This is, in short, the manner in which we observe and end our great national holiday of New Year. Of late, it is to be regretted, many of the old customs are omitted by the people who have got modern notions into their heads. Innovations of the latter days not very desirable or in good taste are fast gaining ground. A few years more, and, I fear, the neglect of time-honored observances will be complete in Japan.




At Tanabata we march through the streets with green bamboo trees, rending the air with certain shouts and beating the instruments, and upon meeting the boys of other streets have a scuffle. The scene is a confusion of bamboos and bits of rainbow-colored papers which are tied plentifully to the branches. After a hot contest we come home to the club, eat a hearty lunch and celebrate the incidents of our victory. The day after the festival we take our bamboos to the sea and cast them off to be drifted away by the waves and finally up to the Heavenly Stream or the Milky Way, where the gods may read our wishes written on the rainbow-colored papers. On this day everybody goes swimming, because the sea-monkey is handcuffed that can lengthen one arm enormously at the expense of the other, and draws in and drowns people, especially boys who go swimming in opposition to their mothers' remonstrance.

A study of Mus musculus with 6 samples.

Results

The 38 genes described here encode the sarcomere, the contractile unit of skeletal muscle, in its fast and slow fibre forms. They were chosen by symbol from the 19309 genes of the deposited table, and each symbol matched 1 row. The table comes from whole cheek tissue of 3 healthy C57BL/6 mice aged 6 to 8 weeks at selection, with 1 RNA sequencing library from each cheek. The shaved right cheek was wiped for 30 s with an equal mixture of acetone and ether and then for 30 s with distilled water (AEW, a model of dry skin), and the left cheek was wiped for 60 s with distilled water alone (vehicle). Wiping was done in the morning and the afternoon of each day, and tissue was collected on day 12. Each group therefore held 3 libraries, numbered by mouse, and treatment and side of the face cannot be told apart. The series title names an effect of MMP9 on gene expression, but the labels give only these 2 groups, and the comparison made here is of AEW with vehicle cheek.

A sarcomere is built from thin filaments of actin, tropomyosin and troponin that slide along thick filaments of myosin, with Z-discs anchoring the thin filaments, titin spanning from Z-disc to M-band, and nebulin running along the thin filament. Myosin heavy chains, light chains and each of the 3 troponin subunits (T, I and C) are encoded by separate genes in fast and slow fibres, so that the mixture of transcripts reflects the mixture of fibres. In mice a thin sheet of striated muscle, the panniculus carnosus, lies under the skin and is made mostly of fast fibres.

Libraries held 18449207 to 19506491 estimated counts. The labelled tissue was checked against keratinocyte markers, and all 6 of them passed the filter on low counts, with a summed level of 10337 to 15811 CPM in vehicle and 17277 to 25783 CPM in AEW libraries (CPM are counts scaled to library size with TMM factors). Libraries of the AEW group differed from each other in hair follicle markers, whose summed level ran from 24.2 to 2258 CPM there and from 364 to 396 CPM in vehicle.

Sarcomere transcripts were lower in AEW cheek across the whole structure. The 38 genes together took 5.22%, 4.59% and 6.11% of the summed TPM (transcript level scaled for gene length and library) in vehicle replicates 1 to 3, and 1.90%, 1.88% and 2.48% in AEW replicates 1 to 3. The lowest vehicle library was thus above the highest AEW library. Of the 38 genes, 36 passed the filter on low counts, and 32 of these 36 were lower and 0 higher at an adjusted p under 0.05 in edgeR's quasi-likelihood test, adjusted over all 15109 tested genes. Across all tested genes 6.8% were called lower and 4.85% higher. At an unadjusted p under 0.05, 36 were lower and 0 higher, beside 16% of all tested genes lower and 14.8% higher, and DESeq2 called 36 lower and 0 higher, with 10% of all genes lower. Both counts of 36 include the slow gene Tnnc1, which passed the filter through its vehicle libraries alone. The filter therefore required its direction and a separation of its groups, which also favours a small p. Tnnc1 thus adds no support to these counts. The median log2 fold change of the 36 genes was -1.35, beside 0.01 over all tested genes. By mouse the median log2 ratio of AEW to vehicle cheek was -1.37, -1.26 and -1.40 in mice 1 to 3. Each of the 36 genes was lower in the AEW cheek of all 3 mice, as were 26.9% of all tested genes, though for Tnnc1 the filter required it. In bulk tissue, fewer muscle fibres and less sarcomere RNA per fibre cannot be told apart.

At Inoko we bring forth our gorin. A gorin is a spherical stone, usually granite, with an iron belt loose in a groove around the great circumference; the belt has many small rings through it. A club of boys possesses five to ten gorins of various sizes. To the rings are attached ropes, and calling at the


Besides the gorin sports, at Inoko we get up wrestling matches. On the yard of the club-house we build a circular bank of clay and fill the inside with sand; in this all the members contend in practice. Small as I was, I did not like to be thought out of fashion, and to pay for my uncalledfor prowess suffered from sores and bruises. In a body we visit the headquarters of the other clubs and negotiate the matches, which take place immediately on the spot in full view of both parties.